Making disruptive design possible

Scroll for more

Working with Fast Radius allowed us to explore what’s now possible – we were able to identify, design, and produce a real end-use product with additive.

The challenge

Unlocking new designs and mass customization

Steelcase had big plans to reimagine its successful chair design using innovative manufacturing processes.

Steelcase wanted to expand the personalization options on its SILQ chair. To further differentiate the product and improve the development process they turned to additive manufacturing — and found a partner in Fast Radius. 

Breakthroughs often start with a simple concept. And in the case of Steelcase’s SILQ chair — which won a prestigious Innovation Award at the 2018 NeoCon — an aspirational sketch started it all.

In 2008, James Ludwig, Vice President of Global Design & Engineering at Steelcase™, sketched a chair concept stripped of all the machinery that had become status quo in high-performance seating. Since SILQ first debuted, Steelcase has continued to experiment with enhancements to the chair’s design, living up to its decades-old reputation of pursuing innovation. Now, consumers can personalize their chair with different fabrics, colors or finishes.

Steelcase joined Fast Radius’s Application Launch Program® (ALP) in January 2018 to find an additive application that went beyond using production-grade 3D printing as a tool for rapid prototyping. They wanted to explore how additive manufacturing could improve the product development process and differentiate their products in the market, while also greatly reducing the time it took to bring their products to life. The team decided to partner with Fast Radius and use Carbon® to design, engineer and print a custom arm cap using digital manufacturing.

To capture innovation awards, earn press and make waves, you have to be first. It’s only natural that Steelcase is adopting additive manufacturing as a means of enhancing design and streamlining production. And the impact transcends the SILQ chair. It transcends even the furniture industry. It means that designs that were unmakeable 10 years ago have been made possible with the advent of scalable, production-grade additive manufacturing.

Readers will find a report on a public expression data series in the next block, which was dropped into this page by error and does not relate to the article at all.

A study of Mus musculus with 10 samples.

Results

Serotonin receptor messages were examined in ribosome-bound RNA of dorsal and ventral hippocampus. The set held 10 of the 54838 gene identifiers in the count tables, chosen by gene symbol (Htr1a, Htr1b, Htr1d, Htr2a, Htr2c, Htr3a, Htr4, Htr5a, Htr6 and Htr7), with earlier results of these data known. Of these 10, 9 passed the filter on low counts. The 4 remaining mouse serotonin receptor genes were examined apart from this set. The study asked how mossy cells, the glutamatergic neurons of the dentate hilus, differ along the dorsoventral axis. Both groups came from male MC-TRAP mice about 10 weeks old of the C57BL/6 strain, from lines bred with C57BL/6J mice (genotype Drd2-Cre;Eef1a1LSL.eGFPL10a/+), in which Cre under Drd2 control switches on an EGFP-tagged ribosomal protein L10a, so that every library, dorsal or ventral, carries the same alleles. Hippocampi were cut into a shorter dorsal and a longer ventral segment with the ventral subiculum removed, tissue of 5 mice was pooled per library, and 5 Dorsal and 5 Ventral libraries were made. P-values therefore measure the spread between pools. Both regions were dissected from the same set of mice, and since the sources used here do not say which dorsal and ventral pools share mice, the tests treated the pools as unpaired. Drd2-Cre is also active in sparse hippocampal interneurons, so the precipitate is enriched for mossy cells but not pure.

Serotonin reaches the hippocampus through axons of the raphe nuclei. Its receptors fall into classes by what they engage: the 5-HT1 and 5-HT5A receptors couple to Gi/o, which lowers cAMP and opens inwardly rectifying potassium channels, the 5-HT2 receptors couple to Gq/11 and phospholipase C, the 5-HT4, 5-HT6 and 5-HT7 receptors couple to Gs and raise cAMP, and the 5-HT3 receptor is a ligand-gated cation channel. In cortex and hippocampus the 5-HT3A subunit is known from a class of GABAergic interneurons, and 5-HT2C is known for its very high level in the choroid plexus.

FR Steelcase TestimonialImage

Ever since SILQ first debuted, we have continued to experiment with enhancements to the chair’s design, living up to our reputation of pursuing innovation. The additive manufacturing processes from Fast Radius and Carbon enabled us to streamline the already-unique aesthetics of the chair with a lattice structure that also condensed three parts into one.

Bruce Smith Director of Global Design, Steelcase

making it possible

Expedited development and real-time prototyping

1. Streamlined product design and development

A key benefit of additive manufacturing is expedited speed to production. In each design iteration, the prototypes were at nearly production-grade levels. Not only did this save Steelcase time in the design and prototyping phases, but it also allowed them to glean insights about fit, form and functionality in real time. This allowed greater improvements to the design that may not have been realized with traditional prototyping — and for a design-driven company like Steelcase, this was crucial. Steelcase could go through as many redesign cycles as it took to get things right. In this instance, Fast Radius took the initial idea and turned it into 100 design concepts. From those iterations, Fast Radius produced 12 unique designs in just six weeks.

2. Improved aesthetics

Carbon’s Digital Light Synthesis™ (DLS) technology uniquely enabled Steelcase and Fast Radius to experiment with design of lattice structures, textures, multi-durometer foam replacement and other functional elements. In the end, an aesthetic lattice structure and unique texture were incorporated into the design of the arm cap to allow the part to stand out and showcase its additive origins.

3. Part consolidation

Every part of the SILQ chair responds to gestural inputs rather than manual adjustments, reacting intuitively to a person’s body and movements. The arm cap was no exception. SILQ arm caps were traditionally manufactured with three separate parts assembled together. Using additive manufacturing, Fast Radius printed the arm cap as one contiguous unit — no assembly required.

4. Material reduction

Fast Radius also designed the arm cap in four zones that provided different attributes based on how someone’s arm might interact with the cap. Although each zone was designed separately, Carbon’s DLS technology allowed the entire arm cap to be printed as one cohesive part using EPU 41, a material that is both flexible and conforming. And the use of lattices reduced material usage by up to 70% without sacrificing performance.

5. Zero-cost mass customization

Consumer personalization is fundamental to the SILQ idea. For high-value products like this, mass customization can be a key differentiator. More than three-quarters of consumers are willing to pay a premium for customized furniture. If a corporate client wanted to personalize the arm cap by changing the texture, adding a logo or customizing the look of the exposed lattice, it’s simply a design change in the CAD file. And when the part phases out of production — or a client wants to do another run of their custom arm cap — the CAD files can still be printed on demand. No re-tooling, no warehouse costs. Just change, print and go.


the results

A disruptive design and innovation partnership opening the door to transforming an industry


design concepts produced by Fast Radius


unique designs produced and tested in 6 weeks


reduced material usage in the final product

Ready to make your parts with Fast Radius?